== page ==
As we enter into an election year, you are probably hearing predictions about what the stock market will or won’t do based on what happens in November. Don’t believe everything you hear. Let’s look at some facts…
Since 1926, Republicans and Democrats have each controlled the White House roughly the same number of years — Democrats 46, Republicans 43. The U.S. stock market (measured by the S&P 500 index) averaged an annual return of 15.3% when a Democratic president was in office compared to 8.6% when a Republican president was in office.
But if you think that voting for a Democrat will automatically improve your returns, let’s take a deeper look into this data.
Source: Morningstar Direct November 2015. U.S. stock market return represented by the S&P 500 index. Past performance is not indicative of future results. All investments involve risk including loss of principal. Indexes are unmanaged baskets of securities in which investors cannot directly invest.
First, given the limited amount of data, we can’t say with any certainty that Democratic presidents deliver better U.S. stock market performance than Republican presidents.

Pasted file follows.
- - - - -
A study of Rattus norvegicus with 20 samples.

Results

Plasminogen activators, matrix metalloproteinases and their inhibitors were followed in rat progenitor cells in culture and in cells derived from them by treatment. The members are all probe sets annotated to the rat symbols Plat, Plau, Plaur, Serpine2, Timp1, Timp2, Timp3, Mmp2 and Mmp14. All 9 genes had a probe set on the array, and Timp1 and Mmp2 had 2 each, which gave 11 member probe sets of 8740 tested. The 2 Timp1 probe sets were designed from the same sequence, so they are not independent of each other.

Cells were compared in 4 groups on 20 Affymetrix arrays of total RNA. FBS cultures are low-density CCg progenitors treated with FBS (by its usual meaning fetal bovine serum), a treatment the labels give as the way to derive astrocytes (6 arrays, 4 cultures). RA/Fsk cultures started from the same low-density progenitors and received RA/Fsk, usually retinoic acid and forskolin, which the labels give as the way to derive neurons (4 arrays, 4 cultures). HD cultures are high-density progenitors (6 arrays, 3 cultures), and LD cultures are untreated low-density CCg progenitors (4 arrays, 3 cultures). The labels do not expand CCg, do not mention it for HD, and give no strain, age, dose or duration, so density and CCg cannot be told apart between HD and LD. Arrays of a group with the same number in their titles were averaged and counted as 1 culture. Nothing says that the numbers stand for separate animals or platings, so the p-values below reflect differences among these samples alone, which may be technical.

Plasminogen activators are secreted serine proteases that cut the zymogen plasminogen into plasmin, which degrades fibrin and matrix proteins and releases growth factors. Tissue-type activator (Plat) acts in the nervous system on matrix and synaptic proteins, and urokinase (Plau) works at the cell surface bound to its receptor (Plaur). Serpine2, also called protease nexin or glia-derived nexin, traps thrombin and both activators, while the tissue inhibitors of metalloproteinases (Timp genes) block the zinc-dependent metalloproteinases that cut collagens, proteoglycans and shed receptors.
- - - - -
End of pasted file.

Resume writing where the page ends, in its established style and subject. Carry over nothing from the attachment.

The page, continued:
Second, chance may also play a large part in the results. Eight of the 10 worst one-year returns occurred when a Republican president occupied the office. Is that the result of bad governance or just bad luck? If we assume it was just bad luck and remove the 10 worst returns, the average for Democratic presidents moves up to 17.0% and the average for Republican presidents leaps to 16.0%.
Third, these are simple annual returns. In reality, the election decision is known the previous November, and often there is a frontrunner much earlier, causing markets to price in expectations before the next president takes office.
In addition, many policies take time to seep through the economy. Policy changes made today may not produce tangible results for many years. And all presidents take office under the economic conditions, good or bad, of their predecessors.
Lastly, in our tripartite system of government, with all its check and balances on power, presidents generally have a limited ability to influence markets or the economy. It is Congress that is directly responsible for budgets and spending. And Congress itself has often been divided. Since 1945, there have only been 13 years when both chambers of Congress were controlled by the same party.
When it comes to presidents, political parties and U.S. stock market returns, it’s difficult to determine any meaningful patterns.
When it comes to investors, those who have fared best may have been those who stayed invested and didn’t make changes to their portfolio based on election results.